Are people in the AI safety community thinking about this?
Yes. They think about this more on the policy side than on the technical side, but there is technical/policy cross-over work too.
Should we be concerned that an aligned AI's values will be set by (for example) the small team that created it, who might have idiosyncratic and/or bad values?
There is significant of talk about 'aligned with whom exactly'. But many of the more technical papers and blog posts on x-risk style alignment tend to ignore this part of the problem, or mention it only in one or two sentences and then move on. This does not necessarily mean that the authors are unconcerned about this question, it more often means that they feel they have little new to say about it.
If you want to see an example of a vigorous and occasionally politically sophisticated debate on solving the 'aligned with whom' question, instead of the moral philosophy 101/201 debate which is still the dominant form of discourse in the x-risk community, you can dip into the literature on AI fairness.
Thus we EAs should vigorously investigate whether this concern is well-founded
I am not an EA, but I am an alignment researcher. I see only a small sliver of alignment research for which this concern would be well-founded.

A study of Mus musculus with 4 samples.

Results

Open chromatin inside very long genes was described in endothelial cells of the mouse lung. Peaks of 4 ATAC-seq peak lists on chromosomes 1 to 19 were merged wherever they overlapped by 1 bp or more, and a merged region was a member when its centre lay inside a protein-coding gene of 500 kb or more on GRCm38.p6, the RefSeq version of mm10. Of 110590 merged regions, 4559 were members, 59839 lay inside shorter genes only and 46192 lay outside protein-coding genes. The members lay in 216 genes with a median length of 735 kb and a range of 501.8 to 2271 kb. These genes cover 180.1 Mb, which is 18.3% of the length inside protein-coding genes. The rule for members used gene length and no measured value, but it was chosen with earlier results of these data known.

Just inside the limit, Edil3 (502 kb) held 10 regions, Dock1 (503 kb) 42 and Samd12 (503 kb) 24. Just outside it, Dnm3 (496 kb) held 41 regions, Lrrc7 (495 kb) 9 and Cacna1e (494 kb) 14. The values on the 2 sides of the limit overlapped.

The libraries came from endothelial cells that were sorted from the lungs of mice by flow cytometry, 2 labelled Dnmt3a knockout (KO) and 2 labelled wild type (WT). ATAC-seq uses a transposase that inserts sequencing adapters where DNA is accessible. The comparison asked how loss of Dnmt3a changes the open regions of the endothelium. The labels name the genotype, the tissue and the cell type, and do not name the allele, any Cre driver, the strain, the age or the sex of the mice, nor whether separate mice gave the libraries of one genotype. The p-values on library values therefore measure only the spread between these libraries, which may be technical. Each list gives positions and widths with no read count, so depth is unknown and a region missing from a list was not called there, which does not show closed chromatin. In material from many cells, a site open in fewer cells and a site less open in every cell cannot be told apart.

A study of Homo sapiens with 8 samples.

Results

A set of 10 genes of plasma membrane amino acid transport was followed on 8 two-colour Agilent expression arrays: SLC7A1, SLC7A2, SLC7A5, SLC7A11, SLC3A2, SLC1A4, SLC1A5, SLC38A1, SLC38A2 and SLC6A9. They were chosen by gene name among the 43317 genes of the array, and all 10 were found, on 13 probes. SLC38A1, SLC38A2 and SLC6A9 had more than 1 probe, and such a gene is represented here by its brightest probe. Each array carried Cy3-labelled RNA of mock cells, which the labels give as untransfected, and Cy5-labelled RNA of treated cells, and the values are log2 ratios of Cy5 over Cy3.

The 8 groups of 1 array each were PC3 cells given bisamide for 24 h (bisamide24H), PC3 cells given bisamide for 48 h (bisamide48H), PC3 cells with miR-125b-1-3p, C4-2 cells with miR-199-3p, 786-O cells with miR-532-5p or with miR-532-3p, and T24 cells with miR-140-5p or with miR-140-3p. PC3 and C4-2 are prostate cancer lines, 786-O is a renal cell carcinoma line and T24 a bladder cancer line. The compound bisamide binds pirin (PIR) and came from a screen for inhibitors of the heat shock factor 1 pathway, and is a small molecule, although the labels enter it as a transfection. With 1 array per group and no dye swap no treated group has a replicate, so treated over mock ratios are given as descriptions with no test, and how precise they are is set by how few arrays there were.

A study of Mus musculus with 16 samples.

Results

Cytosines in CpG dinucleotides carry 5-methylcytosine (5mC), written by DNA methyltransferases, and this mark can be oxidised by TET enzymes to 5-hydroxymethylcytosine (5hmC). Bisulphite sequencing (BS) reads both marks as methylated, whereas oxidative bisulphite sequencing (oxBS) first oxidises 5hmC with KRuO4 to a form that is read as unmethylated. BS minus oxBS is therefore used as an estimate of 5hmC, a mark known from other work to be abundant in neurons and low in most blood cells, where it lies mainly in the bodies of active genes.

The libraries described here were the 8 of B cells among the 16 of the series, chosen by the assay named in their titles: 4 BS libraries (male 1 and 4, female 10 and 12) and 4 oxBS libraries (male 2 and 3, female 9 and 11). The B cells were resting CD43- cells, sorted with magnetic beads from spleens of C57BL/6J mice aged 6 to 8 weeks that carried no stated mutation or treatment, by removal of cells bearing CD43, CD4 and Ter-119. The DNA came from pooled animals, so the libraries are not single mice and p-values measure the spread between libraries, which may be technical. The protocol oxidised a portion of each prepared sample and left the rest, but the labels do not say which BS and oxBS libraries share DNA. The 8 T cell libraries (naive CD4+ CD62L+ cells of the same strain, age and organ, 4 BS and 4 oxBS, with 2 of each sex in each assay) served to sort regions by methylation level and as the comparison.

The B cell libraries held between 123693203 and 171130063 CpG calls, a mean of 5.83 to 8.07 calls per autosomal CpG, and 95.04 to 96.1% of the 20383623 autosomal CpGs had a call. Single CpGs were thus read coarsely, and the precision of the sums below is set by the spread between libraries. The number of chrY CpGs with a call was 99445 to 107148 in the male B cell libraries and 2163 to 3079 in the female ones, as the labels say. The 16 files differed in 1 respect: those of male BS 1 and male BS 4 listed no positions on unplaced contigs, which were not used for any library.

To give an example that is less complicated than my own research: suppose I design a reward function component, say some penalty term, that can be added to an AI/AGI reward function to make the AI/AGI more aligned. Why not publish this? I want to publish it widely so that more people will actually design/train their AI/AGI using this penalty term.
Your argument has a built-in assumption that it will be hard to build AGIs that will lack the instrumental drive to protect themselves from being switched off, or protect themselves from having their goals changed. I do not agree with this built-in assumption, but even if I did agree, I would see no downside to publishing alignment research about writing better reward functions.
There is some AGI safety work that specifically targets deep RL, under the asumption that deep RL might scale to AGI. But there is also a lot of other work, both on failure modes and on solutions, that is much more independent of the method being used to create the AGI.
I do not have percentages on how it breaks down. Things are in flux. A lot of the new technical alignment startups seem to be mostly working in a deep RL context. But a significant part of the more theoretical work, and even some of the experimental work, involves reasoning about a very broad class of hypothetical future AGI systems, not just those that might be produced by deep RL.